Chapter 1, Verse 2 of the Yoga Sutras: Yogas citta vrtti nirodha. Translation: Yoga is the stilling of the fluctuations of the mind.
Four Sanskrit words, with all of the meaning of yoga contained therein (they aren't called "Sutras" for nothing; sutra means "thread" - think "suture" - in this case the barest thread of a narrative, completely unadorned by interpretation, which is left entirely to the reader/student).... Yoga is the stilling of mental activity. The next sutra tells us WHY we wish to quiet the chatter running through our minds: Only then do we abide in our "true nature".
Our "true nature" can be viewed as who each of us is underneath all of the layers of experience, knowledge, memories, even dreams that pile upon us as we live our lives. To those who believe in God, our "true nature" can be viewed as the part within us that is Godlike, divine, untouched by the subjective or the relative. Thus, by definition, "our true nature", also known as "the self", is the same in each of us. Underneath all of the layers of experience, knowledge, memories and dreams, each of us is essentially the same.
The poet, Wallace Stevens, often wrote of the transformation of "reality" into "something else" simply by virtue of the mind's perceiving that reality. In "The Man with the Blue Guitar," he wrote:
They said, "You have a blue guitar,If somehow we could manage to quiet the guitar, perhaps we could play a tune not "beyond ourselves" but OF ourselves.
You do not play things as they are."
The man replied, "Things as they are
Are changed upon the blue guitar."
And they said then, "But play, you must,
A tune beyond us, yet ourselves,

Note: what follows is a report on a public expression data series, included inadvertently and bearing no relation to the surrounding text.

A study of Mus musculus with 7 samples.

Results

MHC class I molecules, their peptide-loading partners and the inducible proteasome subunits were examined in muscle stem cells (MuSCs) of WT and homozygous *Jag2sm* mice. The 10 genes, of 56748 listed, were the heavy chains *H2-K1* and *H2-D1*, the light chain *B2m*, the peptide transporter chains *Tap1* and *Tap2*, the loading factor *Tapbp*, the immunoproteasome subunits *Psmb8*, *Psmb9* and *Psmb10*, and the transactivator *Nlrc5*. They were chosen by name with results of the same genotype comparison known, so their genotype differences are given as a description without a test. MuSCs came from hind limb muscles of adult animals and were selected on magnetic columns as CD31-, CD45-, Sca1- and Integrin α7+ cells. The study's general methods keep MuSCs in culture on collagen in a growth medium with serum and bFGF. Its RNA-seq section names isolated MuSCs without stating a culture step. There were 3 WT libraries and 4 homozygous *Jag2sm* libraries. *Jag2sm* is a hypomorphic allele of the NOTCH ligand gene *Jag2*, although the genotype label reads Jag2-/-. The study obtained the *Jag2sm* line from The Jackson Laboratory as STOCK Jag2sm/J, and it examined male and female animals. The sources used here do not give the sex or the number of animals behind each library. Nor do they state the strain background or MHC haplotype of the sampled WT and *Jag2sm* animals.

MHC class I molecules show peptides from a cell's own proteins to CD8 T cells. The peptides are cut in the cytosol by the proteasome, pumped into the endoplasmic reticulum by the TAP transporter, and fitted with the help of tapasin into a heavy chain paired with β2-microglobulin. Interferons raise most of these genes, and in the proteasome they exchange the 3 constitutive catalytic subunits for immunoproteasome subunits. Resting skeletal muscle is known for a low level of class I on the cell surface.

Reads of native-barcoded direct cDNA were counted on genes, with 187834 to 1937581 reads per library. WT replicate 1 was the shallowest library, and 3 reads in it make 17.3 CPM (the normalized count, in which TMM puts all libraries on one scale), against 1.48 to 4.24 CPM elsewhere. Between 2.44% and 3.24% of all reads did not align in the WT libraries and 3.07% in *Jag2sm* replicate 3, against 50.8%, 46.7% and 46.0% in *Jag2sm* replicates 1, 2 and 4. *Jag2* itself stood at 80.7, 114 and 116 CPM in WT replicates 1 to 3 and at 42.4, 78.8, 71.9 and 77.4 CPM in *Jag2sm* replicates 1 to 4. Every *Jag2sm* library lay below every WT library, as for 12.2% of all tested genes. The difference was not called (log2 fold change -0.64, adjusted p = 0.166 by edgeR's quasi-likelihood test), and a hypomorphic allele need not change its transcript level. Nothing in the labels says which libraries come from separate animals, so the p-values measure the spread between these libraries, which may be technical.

A tune upon the blue guitar
Of things exactly as they are."
One could think of a newborn baby in his first nanosecond of life as the "pure self" of the person he will be (although that would not address the possibility of the experiences, knowledge, memories and dreams of that person's prior lives). Each moment of his life, even before he possesses the power of language, he has experiences. Those experiences create waves of thought in his mind. Those waves of thought color future experiences. The blue guitar is already playing. The latent impressions, assumptions and tendencies that comprise the "blue guitar" are known in yoga philosophy as "samaskaras". Easy to remember, because it sounds so much like "some scars of ours".
The state of "yoga" is the quieting of that blue guitar. It is not the process of creating a "numb" mind or eliminating all of our acquired knowledge. Rather, it is the process of untying ourselves from the blue guitar, of not identifying with our thoughts, our emotions, our experiences, of not confusing those things with "reality", which is a constant. Thoughts, emotions, experiences all are transient. They come and they go and they come again and then there they go....poof. Through the practice of yoga, we can come to break our identification with that which is external, recognizing it as external, entirely outside of our control and entirely separate from the our true nature, the "self".
In thinking about what is "the self" versus what is "the mind" it might be helpful to consider this: When you talk to yourself, who is listening?